Tuesday, April 6, 2010
The Crab Shack
From the brochure on local restaurants we found The Crab Shack on nearby Tybee Island. Twenty years ago, it was the site of only a boat hoist and a bar where local fishermen came to drink and lie. Today it is equal parts tourist trap (Alligator Pond! "Gift Shack!" Feed the alligators Alligator Treats available for purchase in the Gift Shack!) and low country casual eatery.
Regardless of how successful it's gotten in the last two decades, I love that the owners didn't decide to look for greener, posher grasses. When we turned off the main highway to go to our destination, we were turning toward a couple of single-wide trailers backed up to the marshland. The real estate improved only slightly in the half mile between the highway and The Crab Shack.
The modest surroundings appeared to deter no one. We fought our way through the crowds to the hostess station ("Hostess Shack!")and were told that our party could be seated in 45 minutes. There was plenty to do during our wait. We watched the gators snooze for awhile and toured the Gift Shack. We also we able to go out over the beach on a raised pier to check out the sand crabs all over the shore and even spied a couple of rays in the shallow waters of the Savannah River.
It all caused our wait to go quickly. We were seated outside at a table made of plywood, with an 18-inch hole cut into the center so that we could toss our shells into the trashcan beneath. The plywood tables, plus the plank floors, the light fixtures made of bushel baskets and the heavy population of CATS prowling the property (including the outdoor dining room) made me feel like the would-be mistress of some legal hero in a Grisham novel. We've stolen away to this dive because it's in the next town over and no one will recognize... Oh! Excuse me! I lost my head for a moment.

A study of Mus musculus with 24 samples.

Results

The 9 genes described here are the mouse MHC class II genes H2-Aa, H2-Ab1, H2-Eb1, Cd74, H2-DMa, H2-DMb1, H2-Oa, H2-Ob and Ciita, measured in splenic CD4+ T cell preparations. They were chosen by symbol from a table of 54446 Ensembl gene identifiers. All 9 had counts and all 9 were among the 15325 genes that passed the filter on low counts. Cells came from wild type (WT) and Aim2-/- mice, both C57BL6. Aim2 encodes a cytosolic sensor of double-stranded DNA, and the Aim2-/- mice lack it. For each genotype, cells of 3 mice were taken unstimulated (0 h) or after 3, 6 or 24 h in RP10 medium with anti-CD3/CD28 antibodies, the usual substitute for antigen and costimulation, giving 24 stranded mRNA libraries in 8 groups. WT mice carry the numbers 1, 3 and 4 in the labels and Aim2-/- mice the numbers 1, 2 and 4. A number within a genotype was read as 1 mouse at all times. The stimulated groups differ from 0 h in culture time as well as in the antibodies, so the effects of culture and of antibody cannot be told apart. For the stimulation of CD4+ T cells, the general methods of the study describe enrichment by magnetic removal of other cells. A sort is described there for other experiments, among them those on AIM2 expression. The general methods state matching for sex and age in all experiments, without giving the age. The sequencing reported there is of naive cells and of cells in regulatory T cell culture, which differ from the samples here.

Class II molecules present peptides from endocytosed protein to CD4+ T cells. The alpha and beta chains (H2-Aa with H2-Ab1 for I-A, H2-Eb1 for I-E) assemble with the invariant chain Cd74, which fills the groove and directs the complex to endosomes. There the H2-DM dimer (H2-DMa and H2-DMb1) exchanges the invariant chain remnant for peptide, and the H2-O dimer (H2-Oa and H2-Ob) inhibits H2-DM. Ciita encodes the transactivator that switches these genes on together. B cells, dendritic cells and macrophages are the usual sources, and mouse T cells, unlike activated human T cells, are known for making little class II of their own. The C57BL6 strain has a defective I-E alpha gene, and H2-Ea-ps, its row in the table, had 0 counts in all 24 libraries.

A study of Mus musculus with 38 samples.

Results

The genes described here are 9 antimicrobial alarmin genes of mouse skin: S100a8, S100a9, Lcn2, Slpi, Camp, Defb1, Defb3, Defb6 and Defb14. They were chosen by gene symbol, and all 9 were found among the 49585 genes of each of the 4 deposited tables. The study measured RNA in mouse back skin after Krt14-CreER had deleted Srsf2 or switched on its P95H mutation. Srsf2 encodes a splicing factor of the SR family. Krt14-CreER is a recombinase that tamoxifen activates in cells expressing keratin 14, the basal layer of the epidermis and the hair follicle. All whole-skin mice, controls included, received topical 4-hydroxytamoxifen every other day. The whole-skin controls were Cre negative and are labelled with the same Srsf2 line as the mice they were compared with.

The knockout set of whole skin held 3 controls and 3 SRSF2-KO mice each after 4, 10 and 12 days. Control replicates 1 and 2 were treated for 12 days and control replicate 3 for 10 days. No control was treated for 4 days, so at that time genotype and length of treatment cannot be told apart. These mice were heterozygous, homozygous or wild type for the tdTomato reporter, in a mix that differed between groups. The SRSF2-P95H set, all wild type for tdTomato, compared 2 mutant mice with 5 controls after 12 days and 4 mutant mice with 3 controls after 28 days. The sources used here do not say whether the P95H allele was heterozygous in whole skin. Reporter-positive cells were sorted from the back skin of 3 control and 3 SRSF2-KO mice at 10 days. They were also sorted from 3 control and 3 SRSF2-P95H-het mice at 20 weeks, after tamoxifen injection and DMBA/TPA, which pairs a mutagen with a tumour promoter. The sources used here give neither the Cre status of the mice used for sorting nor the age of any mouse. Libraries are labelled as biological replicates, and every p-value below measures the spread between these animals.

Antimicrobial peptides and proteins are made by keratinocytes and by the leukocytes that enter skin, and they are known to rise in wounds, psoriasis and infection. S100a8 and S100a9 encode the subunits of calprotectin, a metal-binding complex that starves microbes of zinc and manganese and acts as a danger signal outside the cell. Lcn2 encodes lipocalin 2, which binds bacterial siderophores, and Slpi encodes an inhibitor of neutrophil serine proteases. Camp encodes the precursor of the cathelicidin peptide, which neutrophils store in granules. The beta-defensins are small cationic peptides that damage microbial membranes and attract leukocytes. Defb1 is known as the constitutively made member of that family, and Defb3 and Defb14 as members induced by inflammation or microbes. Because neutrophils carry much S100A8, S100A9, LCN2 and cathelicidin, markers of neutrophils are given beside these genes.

Sophia and I ordered the shrimp boil, with some crab added to mine. Michael ordered the scallops. Brooks is allergic to shellfish and thinks death is sure if he comes within 12 feet of a lobster claw. We roll our eyes and ask for more clarified butter. He got a barbequed chicken sandwich with the sauce on the side, having decided that he doesn't like barbeque sauce. Ava got the kids' pizza. *sigh* I hate kids' menus.
Brooks' plan for a chicken sandwich sans spicy went adrift, however, when he mistook a bottle of cocktail sauce on the table for ketchup. After the initial moment of alarm, he recovered and enjoyed the combination of flavors. Mike liked his scallops well enough, but he thinks there can be no such thing as a poorly prepared scallop... they are such a rare treat for him.
Sophia and I both enjoyed our shrimp, time-consuming entree though they are. The challenge is to get them peeled and consumed before they get cold and less appetizing. Michael, having finished his dinner two sweet teas prior, helped Soph peel the last five or six shrimp so that she could concentrate her efforts on mastication. Now, is there another way to eat shrimp boil? Because it seems all the Old Bay is actually all over the shell, which then gets peeled off and tossed into the plywood abyss. Did we do something wrong? Is there a way to get the seasoning into our actual mouths?
This meal was a success, not just as a meal, but as our evening's entertainment. I am loving Savannah! More to come.